Pick of the week
Thota Vaikuntamart and culture Updated: Jan 23, 2012 19:54 IST
Tracing an artist’s journey
Artist Thota Vaikuntam takes the viewer to the ‘evolutionary stage’, with a series of vintage works from the 70s to the 90s. These range from etchings to drawings and gouache works from the mid-80s and the impressive collection of wooden painted chests, desks made in mid-90s. Vaikuntam’s imagery comprising of Telangana women and ayyagarlus (village priests) have come to be commercially sought after artworks over the last two decades. This assortment will be shown to the public for the first time and give them an opportunity to view the beginning of this artist’s journey. Till Dec 9, Latitude 28, F-208, Lado Sarai, 46791111.
How green is our world?
The 6th international CMS Vatavaran environment and wildlife film festival opens this week. The event will showcase over 80 films from 12 countries with a focus on a pertinent climate issue. While 18 Indian and nine international awards will be presented by filmmaker Prakash Jha, the fest will also feature award-winning environment films. Entry for film screenings is free. Dec 6-10, Convention Centre, NDCC, Jai Singh Road, contact 26522244 or email@example.com.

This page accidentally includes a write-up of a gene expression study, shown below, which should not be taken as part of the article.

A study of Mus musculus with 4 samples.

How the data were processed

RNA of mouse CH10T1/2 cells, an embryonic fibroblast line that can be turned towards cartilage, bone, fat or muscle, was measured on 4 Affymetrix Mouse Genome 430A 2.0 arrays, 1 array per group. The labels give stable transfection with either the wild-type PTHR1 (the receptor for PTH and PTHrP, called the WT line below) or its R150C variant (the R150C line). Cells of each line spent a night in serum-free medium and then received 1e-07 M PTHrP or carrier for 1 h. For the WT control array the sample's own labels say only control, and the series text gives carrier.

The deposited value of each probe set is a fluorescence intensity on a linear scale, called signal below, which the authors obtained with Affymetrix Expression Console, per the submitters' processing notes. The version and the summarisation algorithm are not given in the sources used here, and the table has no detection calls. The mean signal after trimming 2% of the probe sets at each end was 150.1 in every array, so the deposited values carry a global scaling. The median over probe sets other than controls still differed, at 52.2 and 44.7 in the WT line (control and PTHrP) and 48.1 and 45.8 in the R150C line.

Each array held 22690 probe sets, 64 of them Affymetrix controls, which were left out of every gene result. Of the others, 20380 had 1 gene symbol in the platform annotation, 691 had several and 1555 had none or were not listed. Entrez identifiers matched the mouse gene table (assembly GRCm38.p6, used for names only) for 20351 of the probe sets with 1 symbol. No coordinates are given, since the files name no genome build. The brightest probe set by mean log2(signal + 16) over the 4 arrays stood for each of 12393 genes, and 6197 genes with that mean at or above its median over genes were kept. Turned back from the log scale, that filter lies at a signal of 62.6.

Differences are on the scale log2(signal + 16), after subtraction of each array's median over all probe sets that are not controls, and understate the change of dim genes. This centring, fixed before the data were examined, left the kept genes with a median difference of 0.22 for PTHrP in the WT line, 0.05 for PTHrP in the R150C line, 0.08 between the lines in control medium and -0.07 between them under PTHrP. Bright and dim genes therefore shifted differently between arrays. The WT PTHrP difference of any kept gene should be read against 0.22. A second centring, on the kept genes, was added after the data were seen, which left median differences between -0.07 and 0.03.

Hungary for art
Agroup of artists from Hungary were brought together by the Art Indulge Foundation — a social enterprise founded by like-minded individuals — for an art camp in Nasik in Maharashtra this October. The fruits of their labour are being displayed in an exhibition titled ‘Nasik Nuances’ — Hungarian art inspired by glimpses of Indian scenic beauty and spirituality. The works reflect a perspective of both people as well as nature, symbolic of harmony in the world around us. Till Jan 6 2012, Hungarian Information and Cultural Centre, 1/A Janpath, call 23014992 or visit www.magyarintezet.hu for further details.
Walk through history
Winters, the harbingers of warmth, are the perfect time to get those feet moving. And what better than a heritage walk with a history lesson thrown in? The one-hour trip, beginning with a Sufi recital, will cover the tomb of Sufi saint Shah Turkman Bayabani, proceed to the Kalan Masjid built by Feroz Shah Tuglaq and end at the tomb of Razia Sultan, the first Muslim woman to rule South Asia. Dec 3, 8:30am, Turkman Gate, Asaf Ali Road, call 9910832238 for details.
Jazzing up the capital
Remember Frank Sinatra, Louiz Banks, Braz Gonsalves? To a music aficionado, these names mean magic or better still, jazz. The Jazz Utsav (JU) is the annual coming together of everything jazz — music, musicians, fans. From 1984, when Delhi had its first festival, JU has become a regular feature. Among the international bands this year are European jazz giants such as Arild Andersen and Jan Lundgren. Dec 9-11, Kamani Auditorium, call 41647792.